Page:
Tuesday, February 8, 2011

La vita scolastica

Although some of you may have forgotten the intended purpose of my sojourn in Bologna (namely, to take classes at the University of Bologna and generally be a student) amidst all of the descriptions of gite (trips) around Emilia-Romagna, musei (museums), and unbelievably delicious cene (dinners), this same purpose has recently been brought rather forcefully to my attention with the completion of my orientation class exams (oral!  in Italian!) and my first attendance of a lecture alongside actual Italian students.  So, cari lettori (dear readers), the purpose of this entry is to regale you with tales of my trials and travails as I attempt to navigate la vita scolastica (academic life) a Bologna.

The process of my transformation into a true universitaria bolognese (Bolognese university student) has been both gradual and utterly mysterious.  In fact, it continues to be somewhat mysterious.  Coming from the orderly world of Wash U (never before have I appreciated WebSTaCs existence so much), I was not prepared for the entropic labyrinth that is the University of Bologna.  After all, how hard could choosing classes possibly be?  As it turns out, choosing classes can be very difficult indeed.


1. No centralized university website or course catalogue.  L'Università di Bologna is divided into a multitude of facoltà (for my Wash U readers, think of the five schools and then multiply them and remove the ability to mix and match), each of which has its own website and course catalogue.

2.  Scratch that, course catalogues don't actually exist.  Some (not all) of the facoltà have "orari delle lezioni" (timetables of the courses), which list the names, times, and locations of all the courses offered in a given year.  Or at least a few of these bits of information.  Never descriptions though.  Those can only be found on a completely different website if you search the course name and professor.

3.  Classes all start on different days (ranging from 31 January to the end of March).  Sometimes the orario delle lezioni is helpful enough that it will provide a start date...but sometimes not.

4.  There is no such thing as a MWF or TTh class.  That would make avoiding overlapping classes far too easy!  No, instead classes happen on random days, usually at a different time (and sometimes in a different location) each day.

5.  Classes are held ALL OVER the city, which means that commutes between class can stretch up to a half hour walk.  Walking through Bologna is lovely, but the long distances between classes can make putting a schedule together even more difficult.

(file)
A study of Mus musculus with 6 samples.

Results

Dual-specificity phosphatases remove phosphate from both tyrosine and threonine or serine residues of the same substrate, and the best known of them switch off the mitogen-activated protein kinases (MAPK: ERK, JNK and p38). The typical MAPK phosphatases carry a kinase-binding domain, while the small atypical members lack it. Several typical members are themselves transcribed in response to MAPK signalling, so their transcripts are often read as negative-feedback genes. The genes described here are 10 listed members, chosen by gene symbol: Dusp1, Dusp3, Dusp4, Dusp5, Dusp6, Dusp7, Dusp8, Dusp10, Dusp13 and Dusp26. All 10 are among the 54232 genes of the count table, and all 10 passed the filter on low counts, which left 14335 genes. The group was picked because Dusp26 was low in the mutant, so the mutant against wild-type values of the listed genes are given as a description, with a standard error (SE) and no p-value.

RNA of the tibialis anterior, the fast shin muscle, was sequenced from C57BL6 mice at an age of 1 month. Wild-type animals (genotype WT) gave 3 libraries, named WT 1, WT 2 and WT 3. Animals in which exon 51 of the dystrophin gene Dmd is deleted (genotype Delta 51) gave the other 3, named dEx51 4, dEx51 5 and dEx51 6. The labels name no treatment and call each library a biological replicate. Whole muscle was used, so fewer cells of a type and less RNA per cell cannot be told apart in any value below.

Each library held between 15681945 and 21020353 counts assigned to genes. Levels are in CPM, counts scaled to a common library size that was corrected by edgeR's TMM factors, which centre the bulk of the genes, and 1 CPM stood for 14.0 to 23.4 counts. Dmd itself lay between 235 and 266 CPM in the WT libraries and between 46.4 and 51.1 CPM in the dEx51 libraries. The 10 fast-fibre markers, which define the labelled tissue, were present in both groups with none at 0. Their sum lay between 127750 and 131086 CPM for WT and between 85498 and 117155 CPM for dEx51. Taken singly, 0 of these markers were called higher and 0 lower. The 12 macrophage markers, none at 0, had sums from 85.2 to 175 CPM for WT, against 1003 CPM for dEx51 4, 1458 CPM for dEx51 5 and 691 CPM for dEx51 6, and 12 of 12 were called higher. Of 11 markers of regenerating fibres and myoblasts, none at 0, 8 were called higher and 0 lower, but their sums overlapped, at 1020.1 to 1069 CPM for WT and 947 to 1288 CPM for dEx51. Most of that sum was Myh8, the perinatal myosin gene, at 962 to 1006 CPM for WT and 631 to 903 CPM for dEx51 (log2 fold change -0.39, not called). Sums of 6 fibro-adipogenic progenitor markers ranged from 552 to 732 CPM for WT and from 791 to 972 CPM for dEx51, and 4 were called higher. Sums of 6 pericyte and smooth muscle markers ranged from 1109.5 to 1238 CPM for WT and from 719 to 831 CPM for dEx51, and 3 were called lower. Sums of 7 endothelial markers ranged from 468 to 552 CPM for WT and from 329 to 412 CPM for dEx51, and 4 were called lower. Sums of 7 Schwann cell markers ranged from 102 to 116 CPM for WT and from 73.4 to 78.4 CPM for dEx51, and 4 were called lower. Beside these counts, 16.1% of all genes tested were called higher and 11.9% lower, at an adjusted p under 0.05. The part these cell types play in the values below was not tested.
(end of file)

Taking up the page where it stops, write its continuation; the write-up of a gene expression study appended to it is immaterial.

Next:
With a lot of patience, a lot of time, and some help from those who actually understand this system, I managed to put together a list of classes that I would like to take and that do not (frequently) meet at the same time.  Although the whole process was slightly mystifying and often frustrating, it was an interesting and (once I had figured things out a little bit) enjoyable challenge.

Having discovered the start dates, times, and locations of my classes, I struck out today to actually attend my first lecture, Istituzioni di storia del cinema (Institutions of the history of film).  Contrary to my expectations, I found the aula (lecture hall) without incident, and consequently ended up there ten minutes before the class was scheduled to begin.  Fortunately, the same was true for about twenty other people so I took a (metaphorical) deep breath and picked out a seat.  Over the next half hour or so the huge, terraced lecture gradually filled up with approximately 200 students with varying degrees of piercings and dyed hair (to be expected when one takes a class in DAMS, le Discipline delle Arti, della Musica, e dello Spettacolo / Artistic, Musical, and Theatrical Studies).  The professor arrived approximately twenty minutes after the scheduled beginning of the class and began to lecture approximately ten minutes after that.  Lectures here supposedly all last two hours each, but between the late start, the early release, and the five (make that fifteen) minute break in the middle, this one ended up being a lot closer to the hour-long lecture to which my time at Wash U has accustomed me.

In any case, I enjoyed the lecture (seeing as today was predominantly an extended discussion of the syllabus and exam procedures, this probably had more to do with my ability to understand than the gripping nature of the content) and even managed to strike up a conversation with the girl sitting next to me during the break.  I'm beginning to realize that my American accent is more of an asset than the annoyance I had originally believed it to be because it is an excellent conversation starter.  Any time someone asks a question (such as, "I got here 40 minutes late, did I miss anything?") and I respond with my accented Italian, they usually follow it up with an "Oh, where are you from?" aaaaand voilà.  Conversation.

So I leave you now looking forward to the prospect of beginning another class (Storia dell'arte moderna / History of Modern Art, which in this case means the Gothic/Baroque periods...it's all a matter of perspective I guess) tomorrow and having a familiar and friendly face in class on Thursday when my film course meets again.  Così vi lascio fino al nostro prossimo incontro, i miei cari lettori (I leave you until we meet again, my dear readers)!